Another angle on the prevalence of obesity in children comes from BSc (Med) honours in nutrition and dietetics student Catherine Pereira. Pereira conducted a study at a local school tuck shop and posed the question: are children eating unhealthily because of what is available to them?
The scene is familiar: the school ground littered with crisp packets, cooldrink cans and sweet wrappers - not a banana skin or orange peel in sight. Tuck shops, Pereira confirms, are notorious for their selection of unhealthy snacks. She feels it would be logical to intervene at this level, promoting healthier food choices among adolescents, choices that can then be maintained into adulthood. This is an especially important point.
The school had specifically asked the Division of Nutrition and Dietetics to look into the snacks being sold at their tuck shop to help them integrate aspects of nutrition into the school curriculum.
Pereira assessed the availability of healthy food and drink at the school, as well as pupils' attitudes towards healthier snacks.
"Most of the options available were found to be very high in energy, being high in either fat or added sugars, or both," she added.
In her graph, chips, sweets and carbonated drinks are the most commonly bought snacks at the tuck shop, with sandwiches at the bottom of the list.
In-depth questionnaires and focus group discussions assessed the children's attitudes towards the availability of a bigger variety of healthy food and drinks at the school and showed that they could not all accurately describe what a healthy snack was.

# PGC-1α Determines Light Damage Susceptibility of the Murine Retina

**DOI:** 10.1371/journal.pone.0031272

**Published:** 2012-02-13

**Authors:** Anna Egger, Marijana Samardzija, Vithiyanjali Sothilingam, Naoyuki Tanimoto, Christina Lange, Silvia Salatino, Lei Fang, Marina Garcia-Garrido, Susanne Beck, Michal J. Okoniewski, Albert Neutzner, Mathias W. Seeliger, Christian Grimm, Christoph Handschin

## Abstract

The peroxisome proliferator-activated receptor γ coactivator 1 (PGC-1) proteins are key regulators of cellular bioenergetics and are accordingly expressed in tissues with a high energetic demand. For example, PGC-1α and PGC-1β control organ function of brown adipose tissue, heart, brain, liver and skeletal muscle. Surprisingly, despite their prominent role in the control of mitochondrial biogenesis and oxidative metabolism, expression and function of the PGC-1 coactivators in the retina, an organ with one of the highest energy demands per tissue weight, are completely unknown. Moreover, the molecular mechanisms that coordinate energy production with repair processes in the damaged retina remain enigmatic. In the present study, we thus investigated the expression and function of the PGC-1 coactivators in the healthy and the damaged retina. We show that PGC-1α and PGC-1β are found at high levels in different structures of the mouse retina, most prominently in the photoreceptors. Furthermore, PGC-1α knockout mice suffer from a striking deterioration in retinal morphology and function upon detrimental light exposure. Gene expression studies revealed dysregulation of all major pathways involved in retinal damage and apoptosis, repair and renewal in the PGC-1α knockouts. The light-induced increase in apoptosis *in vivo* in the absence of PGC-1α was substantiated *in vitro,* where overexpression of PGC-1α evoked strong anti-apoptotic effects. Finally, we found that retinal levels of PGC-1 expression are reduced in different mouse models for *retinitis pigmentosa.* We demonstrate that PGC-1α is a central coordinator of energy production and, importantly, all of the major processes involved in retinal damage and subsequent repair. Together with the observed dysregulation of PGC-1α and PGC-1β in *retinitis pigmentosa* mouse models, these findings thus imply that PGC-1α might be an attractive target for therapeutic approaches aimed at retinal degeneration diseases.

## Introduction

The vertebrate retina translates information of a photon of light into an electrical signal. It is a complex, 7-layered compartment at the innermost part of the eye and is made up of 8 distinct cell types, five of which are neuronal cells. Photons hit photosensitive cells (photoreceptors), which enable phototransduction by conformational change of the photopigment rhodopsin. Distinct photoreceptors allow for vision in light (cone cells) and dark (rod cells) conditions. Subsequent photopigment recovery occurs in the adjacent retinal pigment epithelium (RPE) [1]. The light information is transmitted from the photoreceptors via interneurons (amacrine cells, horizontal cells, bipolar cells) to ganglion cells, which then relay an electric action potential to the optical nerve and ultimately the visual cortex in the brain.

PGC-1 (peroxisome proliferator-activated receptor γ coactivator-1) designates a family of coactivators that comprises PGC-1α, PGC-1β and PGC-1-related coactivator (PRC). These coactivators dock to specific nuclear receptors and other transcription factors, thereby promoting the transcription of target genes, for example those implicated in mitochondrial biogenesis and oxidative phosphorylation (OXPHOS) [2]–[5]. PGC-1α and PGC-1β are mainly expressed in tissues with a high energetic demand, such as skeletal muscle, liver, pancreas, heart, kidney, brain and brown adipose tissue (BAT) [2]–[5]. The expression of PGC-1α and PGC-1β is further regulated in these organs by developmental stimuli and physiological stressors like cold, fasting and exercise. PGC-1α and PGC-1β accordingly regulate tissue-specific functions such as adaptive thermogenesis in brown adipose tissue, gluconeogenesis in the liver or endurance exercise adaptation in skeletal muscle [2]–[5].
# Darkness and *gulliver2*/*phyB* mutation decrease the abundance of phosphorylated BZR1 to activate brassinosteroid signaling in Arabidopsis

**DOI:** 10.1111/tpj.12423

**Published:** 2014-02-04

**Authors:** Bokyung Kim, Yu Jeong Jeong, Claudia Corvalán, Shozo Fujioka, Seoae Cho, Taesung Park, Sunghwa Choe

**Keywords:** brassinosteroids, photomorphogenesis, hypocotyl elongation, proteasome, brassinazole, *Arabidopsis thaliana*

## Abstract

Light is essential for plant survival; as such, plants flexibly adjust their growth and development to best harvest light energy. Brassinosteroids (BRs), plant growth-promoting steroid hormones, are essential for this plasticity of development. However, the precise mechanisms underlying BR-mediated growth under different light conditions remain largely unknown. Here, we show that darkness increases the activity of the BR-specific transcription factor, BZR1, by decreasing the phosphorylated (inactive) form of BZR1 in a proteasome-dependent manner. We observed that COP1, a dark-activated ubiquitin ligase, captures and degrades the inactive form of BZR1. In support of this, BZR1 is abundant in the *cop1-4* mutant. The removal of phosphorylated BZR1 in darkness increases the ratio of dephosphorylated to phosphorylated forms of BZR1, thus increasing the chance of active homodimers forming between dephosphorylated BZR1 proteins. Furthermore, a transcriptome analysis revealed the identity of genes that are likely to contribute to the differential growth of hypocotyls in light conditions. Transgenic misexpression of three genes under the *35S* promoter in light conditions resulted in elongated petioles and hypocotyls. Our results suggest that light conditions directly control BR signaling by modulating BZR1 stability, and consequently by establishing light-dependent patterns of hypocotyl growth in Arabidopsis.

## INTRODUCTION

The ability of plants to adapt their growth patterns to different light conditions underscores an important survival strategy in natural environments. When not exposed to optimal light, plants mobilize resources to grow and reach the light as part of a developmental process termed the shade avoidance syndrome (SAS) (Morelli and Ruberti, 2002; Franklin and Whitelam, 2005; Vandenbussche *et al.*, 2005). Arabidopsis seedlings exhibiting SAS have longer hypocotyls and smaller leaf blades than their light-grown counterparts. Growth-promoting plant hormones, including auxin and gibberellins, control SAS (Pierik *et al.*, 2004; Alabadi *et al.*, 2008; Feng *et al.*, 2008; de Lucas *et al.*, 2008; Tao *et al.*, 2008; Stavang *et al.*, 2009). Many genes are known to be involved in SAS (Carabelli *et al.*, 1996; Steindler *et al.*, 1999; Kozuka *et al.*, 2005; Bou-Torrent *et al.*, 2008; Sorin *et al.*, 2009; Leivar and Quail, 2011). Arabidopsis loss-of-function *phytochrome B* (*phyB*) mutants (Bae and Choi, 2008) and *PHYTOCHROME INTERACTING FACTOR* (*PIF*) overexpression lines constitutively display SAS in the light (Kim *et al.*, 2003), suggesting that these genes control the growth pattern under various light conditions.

"They did, however, feel that the provision of healthier options would be possible, provided these met a specific set of criteria," Pereira continued. The healthy snacks had to include a variety of flavours to satisfy personal preference and had to include recognisable brands.
The research will continue at the school next year when another dietetics student will be implementing a wider variety of healthier snacks at the tuck shop, as well as a nutrition education programme, which Pereira says will be designed in the context of the recommendations of her study.
"We hope this work will provide an adaptable model that can be used by other schools for their tuck shops and education programmes."